While the Harper government was busy in the House of Commons rushing through recognition of Quebeckers as a nation, its representatives at the United Nations in New York were busy voting against the extension of human rights to indigenous peoples in Canada and around the world.
The Harper Government has disgraced itself yet again on the world stage by voting to delay approval of the Declaration on the Rights of Indigenous peoples. Over the past two decades, Canada has provided leadership and stewardship for this historic document that recognizes the rights of the world’s 370 million indigenous peoples. But not anymore.
It’s not just another example of the Conservatives embarrassing Canada at the world forum. It’s another kick at First Nations an integral part of Canada that Harper just doesn’t get.
The declaration is aimed at improving the standard of living of indigenous people and recognizing their right to self-determination, giving them the right to live within their own customs and culture and to preserve it through education delivered in their own languages. The declaration would also recognize the rights of indigenous peoples to land claims and resources and allow them to oppose military use of and incursions upon traditional lands.
Harper’s Conservatives have completely undermined two decades of work by previous Canadian governments. They joined forces with Russia, Australia, New Zealand and the United States to stall approval at the crucial UN committee on social, humanitarian and cultural matters.
To have Canada even mentioned in the same sentence as Russia, Australia or the US on the question of indigenous rights is in itself a testament to how far we have fallen in the eyes of the world community.
This is terribly disappointing for a country that has a strong record of defending human rights, said Victoria Tauli-Corpuz, chairperson for the UN permanent forum on indigenous issues.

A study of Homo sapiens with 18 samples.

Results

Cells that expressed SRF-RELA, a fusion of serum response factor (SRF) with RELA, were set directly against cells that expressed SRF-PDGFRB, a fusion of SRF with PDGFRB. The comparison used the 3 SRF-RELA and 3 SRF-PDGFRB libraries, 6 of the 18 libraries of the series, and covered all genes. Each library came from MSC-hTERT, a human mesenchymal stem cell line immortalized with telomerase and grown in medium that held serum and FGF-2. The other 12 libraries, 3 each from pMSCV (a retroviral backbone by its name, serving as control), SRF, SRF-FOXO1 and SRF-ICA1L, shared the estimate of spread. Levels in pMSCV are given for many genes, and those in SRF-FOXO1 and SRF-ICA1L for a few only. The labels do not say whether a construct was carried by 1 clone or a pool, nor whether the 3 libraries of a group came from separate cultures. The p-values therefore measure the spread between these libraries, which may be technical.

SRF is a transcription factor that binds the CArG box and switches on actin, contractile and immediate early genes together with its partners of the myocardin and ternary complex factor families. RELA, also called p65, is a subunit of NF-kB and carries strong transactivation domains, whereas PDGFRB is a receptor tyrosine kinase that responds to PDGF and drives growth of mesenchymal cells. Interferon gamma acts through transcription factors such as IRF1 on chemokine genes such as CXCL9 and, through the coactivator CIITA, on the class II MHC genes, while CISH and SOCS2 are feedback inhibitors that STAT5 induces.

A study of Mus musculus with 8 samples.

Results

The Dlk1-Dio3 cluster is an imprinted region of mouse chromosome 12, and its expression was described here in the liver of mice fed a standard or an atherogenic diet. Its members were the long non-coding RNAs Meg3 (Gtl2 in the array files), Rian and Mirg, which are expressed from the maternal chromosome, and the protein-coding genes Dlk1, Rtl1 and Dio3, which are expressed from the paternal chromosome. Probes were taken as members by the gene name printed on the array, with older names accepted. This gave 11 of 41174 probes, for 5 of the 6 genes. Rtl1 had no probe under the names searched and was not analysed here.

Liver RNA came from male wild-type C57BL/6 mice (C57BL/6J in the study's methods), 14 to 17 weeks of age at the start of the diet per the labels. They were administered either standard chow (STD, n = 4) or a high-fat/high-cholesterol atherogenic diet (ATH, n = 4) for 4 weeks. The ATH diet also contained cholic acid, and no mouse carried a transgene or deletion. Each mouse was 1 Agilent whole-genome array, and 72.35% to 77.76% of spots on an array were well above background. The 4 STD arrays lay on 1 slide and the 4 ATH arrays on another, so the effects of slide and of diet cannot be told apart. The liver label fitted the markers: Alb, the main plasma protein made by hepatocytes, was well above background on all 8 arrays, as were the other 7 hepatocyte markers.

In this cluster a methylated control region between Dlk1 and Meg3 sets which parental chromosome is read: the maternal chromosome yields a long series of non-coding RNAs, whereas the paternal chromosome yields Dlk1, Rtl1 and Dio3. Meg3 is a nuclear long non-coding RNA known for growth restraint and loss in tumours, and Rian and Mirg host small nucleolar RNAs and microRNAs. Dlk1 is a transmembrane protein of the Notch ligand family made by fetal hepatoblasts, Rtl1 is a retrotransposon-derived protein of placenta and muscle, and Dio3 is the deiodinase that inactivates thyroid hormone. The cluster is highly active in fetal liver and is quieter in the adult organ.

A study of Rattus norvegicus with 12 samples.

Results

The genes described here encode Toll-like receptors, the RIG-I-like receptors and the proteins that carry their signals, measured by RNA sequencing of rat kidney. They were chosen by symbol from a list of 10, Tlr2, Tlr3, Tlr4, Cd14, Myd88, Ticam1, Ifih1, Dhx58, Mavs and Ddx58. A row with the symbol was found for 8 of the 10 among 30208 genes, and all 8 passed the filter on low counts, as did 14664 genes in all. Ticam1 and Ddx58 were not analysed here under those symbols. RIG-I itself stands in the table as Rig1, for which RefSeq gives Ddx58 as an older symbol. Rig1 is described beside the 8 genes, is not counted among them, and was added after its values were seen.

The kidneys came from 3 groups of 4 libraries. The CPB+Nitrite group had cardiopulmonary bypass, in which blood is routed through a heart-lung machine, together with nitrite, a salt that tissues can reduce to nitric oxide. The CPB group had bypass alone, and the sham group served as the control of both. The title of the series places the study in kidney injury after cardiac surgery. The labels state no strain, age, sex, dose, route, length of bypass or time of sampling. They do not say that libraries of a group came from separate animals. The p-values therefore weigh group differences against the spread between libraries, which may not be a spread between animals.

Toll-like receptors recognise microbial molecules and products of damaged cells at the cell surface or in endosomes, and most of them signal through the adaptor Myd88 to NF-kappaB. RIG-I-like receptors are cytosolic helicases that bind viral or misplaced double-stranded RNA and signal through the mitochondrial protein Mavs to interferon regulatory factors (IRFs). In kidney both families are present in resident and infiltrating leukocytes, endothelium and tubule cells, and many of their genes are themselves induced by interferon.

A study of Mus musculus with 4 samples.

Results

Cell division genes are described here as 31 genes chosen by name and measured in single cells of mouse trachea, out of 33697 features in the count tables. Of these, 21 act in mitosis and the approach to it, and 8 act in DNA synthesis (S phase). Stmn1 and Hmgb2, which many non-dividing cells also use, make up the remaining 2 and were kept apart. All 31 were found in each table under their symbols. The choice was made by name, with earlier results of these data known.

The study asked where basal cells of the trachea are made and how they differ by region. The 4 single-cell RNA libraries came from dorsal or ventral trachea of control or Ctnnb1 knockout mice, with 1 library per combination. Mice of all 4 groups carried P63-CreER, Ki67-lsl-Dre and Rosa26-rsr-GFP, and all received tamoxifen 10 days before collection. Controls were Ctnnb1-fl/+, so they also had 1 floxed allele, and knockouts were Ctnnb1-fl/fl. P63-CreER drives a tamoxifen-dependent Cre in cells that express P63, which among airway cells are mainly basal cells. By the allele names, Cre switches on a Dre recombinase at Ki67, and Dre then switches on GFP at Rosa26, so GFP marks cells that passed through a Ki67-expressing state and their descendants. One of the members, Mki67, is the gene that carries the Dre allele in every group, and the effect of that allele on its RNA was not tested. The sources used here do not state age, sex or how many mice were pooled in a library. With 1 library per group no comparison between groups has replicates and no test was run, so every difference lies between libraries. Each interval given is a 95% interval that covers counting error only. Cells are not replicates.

Harper’s contempt for indigenous people is not confined to the international arena. Earlier this year he reneged on the Kelowna Accord, another historic document, that promised to spend $5 billion on aboriginal housing, health care and education.
As a result, Canada’s aboriginal children will continue to live in housing on reserves where Statistics Canada identified 54% of the homes as being in substandard condition.
Boil water orders will still be the order of the day in more than 100 aboriginal communities across Canada at risk of disease and infections.
Aboriginal women between ages 25 and 44 will be five times more likely to suffer a violent death than other Canadian women in same age group.
Five hundred aboriginal women have gone missing or have been murdered in the past 15 years in Canada, with little or no interest from the police, courts, media or the public.
All of this is on top of the health problems experienced by aboriginal communities, everything from massive increases in TB among children and AIDS running rampant with a 500% increase in the past 20 years.
The Harper government has made a conscious decision to distance themselves from Canada’s aboriginal communities. The decision is rooted in the misguided policies similar to those of the Harris era. Harper, just like Harris before him, is looking to fashion a majority government by scapegoating those who disagree with him.
He views women’s groups, First Nations, gays and lesbians, and immigrants needing literacy skills, for example, as special interest groups somehow different from the taxpayers he likes to talk about.
Don’t kid yourself that Harper’s motion on Quebec had anything to do with human or civil rights; it was a political maneuver calculated to take the wind out of the BLOC sails and stir the pot among the Liberals.
Because if he really held those principles, he would not have walked away from the Kelowna Accord and undermined the UN declaration that would provide for a modicum of human decency in the treatment of Canada’s First Nations. Stephen Harper should hang his head in shame.